Overture Opera Guides in association with ENO: Parsifal Richard Wagner. Series Editor Gary Kahn, Editorial Consultant Philip Reed, Head of Publications-ENO. Oneworld Classics, London 2011. Order info
I am predictable. I usually give the seal of approval to all the new reissued and updated OOGs—I really like them, monotonously—but this one I found exceptionally helpful. To the non-German-speaker like myself, the central part of the book, the side-by-side German and English libretto (translation by Lionel Salter) will be the gift that keeps giving in the years to come. Added to that, every line of text is accompanied by the discreet markings of the recurring musical themes, each theme having been listed and numbered in the summary preceding the libretto.
Musical themes are discussed in greater detail in the three of the essays included that are most musicologically bent: “Parsifal: Words and Music” by Carolyn Abbate, “Experiencing Music and Imagery in Parsifal” by Robin Holloway and “Discursions into the Dramaturgy of Parsifal” by Gerd Rienaecker. The three chapters contain many insights that will add layers to the work (Why do Amfortas and Klingsor have essentially the same musical material; What is the difference between the Leitmotif, which Wagner uses more in other works, and sound-clusters or themes, which he employs in Parsifal, etc). But I have to admit I skimmed in these parts—sometimes the author goes literally line by musical line of the score interpreting the material and associating it with other material which preceded or will follow. Sometimes metaphors are used which you may or may not share. But these remain valuable sections to which you will return when you want to look at the mechanics of the work.
The essay by Barry Emslie, “Parsifal: The Profanity of the Sacred” is intriguing in a different way. It’s as if it asks: what if somebody took seriously Wagner’s intentions—a very old-fashioned thing that we don’t do any more, and for good reasons, but all the same, how could such a worldview have come into being and what was he thinking? Emslie (also the author of a recent book on Wagner, Richard Wagner and the Centrality of Love) researched Wagner’s letters and writings, looked at what Wagner was reading and what influenced him, and tried to identify the ways in which Wagner was consciously myth-fabricating or less consciously feeding himself off the mythemes* he absorbed into the project. In other words: yes Parsifal relies on a worldview that is a pack of lies and fantasies, but why and how do these lies and fantasies work? “Of course, none of this possesses a shred of intellectual rectitude,” Emslie writes in the part where he deals with Wagner’s racial discourse/fantasies, “but that is beside the point.” And it was beside the point, for many of those people who found in Parsifal a story of Germanic vs. Jewish blood, for instance.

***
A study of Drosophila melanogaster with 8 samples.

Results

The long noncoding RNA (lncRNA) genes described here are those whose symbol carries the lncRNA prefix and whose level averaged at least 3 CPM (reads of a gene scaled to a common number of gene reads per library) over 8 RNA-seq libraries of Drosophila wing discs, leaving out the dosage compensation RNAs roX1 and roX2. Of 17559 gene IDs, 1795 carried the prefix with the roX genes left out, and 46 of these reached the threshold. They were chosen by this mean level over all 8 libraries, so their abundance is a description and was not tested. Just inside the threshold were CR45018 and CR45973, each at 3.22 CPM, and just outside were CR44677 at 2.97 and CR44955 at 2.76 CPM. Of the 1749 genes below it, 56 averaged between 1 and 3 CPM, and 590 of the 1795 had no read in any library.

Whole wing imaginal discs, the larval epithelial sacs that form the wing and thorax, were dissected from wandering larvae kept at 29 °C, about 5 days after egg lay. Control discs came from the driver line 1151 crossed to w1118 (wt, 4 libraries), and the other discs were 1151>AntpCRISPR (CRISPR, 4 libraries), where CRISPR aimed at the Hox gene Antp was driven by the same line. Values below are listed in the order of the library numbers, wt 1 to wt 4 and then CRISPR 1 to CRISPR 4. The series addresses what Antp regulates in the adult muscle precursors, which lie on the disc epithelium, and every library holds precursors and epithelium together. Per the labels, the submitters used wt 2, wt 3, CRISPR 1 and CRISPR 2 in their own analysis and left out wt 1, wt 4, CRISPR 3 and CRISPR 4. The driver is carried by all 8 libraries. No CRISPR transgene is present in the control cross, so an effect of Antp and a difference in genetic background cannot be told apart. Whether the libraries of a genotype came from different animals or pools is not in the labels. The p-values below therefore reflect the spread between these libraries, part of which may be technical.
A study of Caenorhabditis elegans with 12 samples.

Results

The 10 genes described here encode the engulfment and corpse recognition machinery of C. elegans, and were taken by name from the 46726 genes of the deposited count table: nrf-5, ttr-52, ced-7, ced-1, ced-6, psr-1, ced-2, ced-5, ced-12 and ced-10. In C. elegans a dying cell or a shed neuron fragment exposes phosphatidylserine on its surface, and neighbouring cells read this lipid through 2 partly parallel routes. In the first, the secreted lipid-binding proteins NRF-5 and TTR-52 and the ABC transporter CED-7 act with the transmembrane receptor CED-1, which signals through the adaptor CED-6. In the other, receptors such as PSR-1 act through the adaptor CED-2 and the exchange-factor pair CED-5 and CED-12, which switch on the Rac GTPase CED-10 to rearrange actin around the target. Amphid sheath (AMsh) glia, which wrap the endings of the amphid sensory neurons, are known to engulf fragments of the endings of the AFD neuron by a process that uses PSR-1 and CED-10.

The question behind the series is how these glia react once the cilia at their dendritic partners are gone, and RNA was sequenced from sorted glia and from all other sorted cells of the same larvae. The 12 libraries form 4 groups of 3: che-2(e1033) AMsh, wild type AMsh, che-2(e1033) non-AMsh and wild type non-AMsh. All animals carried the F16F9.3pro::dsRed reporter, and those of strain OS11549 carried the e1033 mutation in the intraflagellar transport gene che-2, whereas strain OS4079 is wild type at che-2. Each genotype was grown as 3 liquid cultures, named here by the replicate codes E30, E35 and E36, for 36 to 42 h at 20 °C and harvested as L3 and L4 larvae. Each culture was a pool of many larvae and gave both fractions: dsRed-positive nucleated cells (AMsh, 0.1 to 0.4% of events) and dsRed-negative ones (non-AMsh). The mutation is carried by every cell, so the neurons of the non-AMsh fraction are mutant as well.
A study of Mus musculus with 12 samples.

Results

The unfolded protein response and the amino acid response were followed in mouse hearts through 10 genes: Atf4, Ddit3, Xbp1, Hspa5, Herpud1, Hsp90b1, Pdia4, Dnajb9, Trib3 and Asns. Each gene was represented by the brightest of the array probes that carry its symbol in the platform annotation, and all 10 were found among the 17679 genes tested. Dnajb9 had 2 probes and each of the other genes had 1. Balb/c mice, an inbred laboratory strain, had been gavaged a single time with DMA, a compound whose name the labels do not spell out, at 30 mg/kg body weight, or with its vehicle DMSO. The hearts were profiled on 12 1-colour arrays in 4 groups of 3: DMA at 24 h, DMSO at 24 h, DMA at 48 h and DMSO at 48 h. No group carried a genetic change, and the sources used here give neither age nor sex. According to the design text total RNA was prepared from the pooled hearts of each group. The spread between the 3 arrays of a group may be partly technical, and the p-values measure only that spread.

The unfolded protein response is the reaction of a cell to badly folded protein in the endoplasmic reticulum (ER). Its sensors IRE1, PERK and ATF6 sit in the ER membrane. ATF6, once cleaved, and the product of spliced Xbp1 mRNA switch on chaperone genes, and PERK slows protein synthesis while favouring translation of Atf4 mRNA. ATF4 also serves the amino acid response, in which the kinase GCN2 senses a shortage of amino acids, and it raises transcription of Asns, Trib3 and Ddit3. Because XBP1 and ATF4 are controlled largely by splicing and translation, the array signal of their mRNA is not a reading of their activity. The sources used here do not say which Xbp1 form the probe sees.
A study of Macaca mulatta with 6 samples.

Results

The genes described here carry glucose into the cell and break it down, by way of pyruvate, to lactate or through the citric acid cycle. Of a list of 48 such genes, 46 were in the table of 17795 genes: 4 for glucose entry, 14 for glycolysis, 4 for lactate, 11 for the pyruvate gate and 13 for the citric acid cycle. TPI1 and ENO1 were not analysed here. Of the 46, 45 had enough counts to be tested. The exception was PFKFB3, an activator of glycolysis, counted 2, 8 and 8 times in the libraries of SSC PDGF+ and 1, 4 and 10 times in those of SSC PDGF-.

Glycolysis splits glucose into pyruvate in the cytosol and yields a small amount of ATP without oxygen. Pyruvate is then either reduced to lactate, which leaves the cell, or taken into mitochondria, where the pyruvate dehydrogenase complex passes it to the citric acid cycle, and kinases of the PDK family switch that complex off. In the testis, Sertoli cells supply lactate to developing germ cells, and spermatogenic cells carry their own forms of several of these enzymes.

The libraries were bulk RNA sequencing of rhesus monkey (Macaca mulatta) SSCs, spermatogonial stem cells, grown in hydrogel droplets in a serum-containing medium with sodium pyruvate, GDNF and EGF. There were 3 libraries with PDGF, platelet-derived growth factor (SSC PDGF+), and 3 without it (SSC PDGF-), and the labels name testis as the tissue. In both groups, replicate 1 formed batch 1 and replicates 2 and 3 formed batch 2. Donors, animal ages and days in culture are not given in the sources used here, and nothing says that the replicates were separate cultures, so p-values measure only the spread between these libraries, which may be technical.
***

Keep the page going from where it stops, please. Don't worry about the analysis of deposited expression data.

Within this framework, Emslie’s main endeavour is to show that Wagner’s fundamental dichotomies in the work – chastity vs. desire, and the Germanic, pure and rooted vs. the uprooted and the wandering – are unstable and permeable.
The funnest part of the Guide, predictably, is the chapter on the milestone productions of Parsifal through its history, and the accompanying photos. Mike Ashman in “Parsifal on the Stage” begins with the records of Richard’s and Cosima’s original wishes and follows the work’s fairly dull production history until Wieland Wagner’s 1951 Bayreuth production. Here are a few highlights:
— Wieland was first to use film. He adored abstract painters and often cited Picasso and Jackson Pollock as influences. He continuously changed his own productions with each remount.
— Ulrich Melchinger and his designers probably the first to de-Christianize the iconography and introduce the more sci-fi style which was about to take off in the years after 1970s.
— Goetz Friedrich & comp likely the first to use the post-apocalypse setting (another trope which was about to take off far and wide in Parsifals). Also recreated some of the original ideas by Cosima about a multi-room, Babel-like, honey-comb Grail temple.
— Joachim Herz & comp at the ENO in 1986 turned the knights into bishops wearing frayed regalia, trying to keep together a rapidly decaying world. Klingsor’s domain was an adventure playground in comparison.
— Nikolaus Lenhoff’s 1999 ENO production completely got rid of the chalices and similar paraphernalia in Act 1. The set included fallen meteors and a railway tunnel.
—Ruth Berghaus’s centenary production in Frankfurt was the first to be rid of the narrative, naturalistic interpretation of the work altogether; the signs floated more freely
— Hans Juergen Syberberg’s film opera Parsifal sounds like an absolute must-see.
— Peter Konwitchny’s 1995 Munich production was decidedly pro-Kundry! The redemption, he argues, means freedom from the loveless Grail society. He refuses to dispose of Kundry at the end, as opera usually does with its heroines.
— Christoph Schlingensief’s 2004 Bayreuth production was the first to introduce a clear colonial context to the work, with Grail nights reminiscent of the white colonizers of a mainly African- but also Haitian- and south-east Asian-looking unruly Klingsor domain. His take has layers and layers of other stuff, and it had seriously upset Alex Ross, apparently, who criticised it as the avant-garde run amok.
— Herheim and Bieito of course also make an appearance on this list. How come Herheim’s multi-layered production did not upset the conservative critics, whereas Bieito’s very much did?
The book of course also contains the section of notable discography & DVD recordings, plus bibliography and a wacky diagrammatic plan of the work by Wieland Wagner.
*I just invented this: myth + meme = mythemes.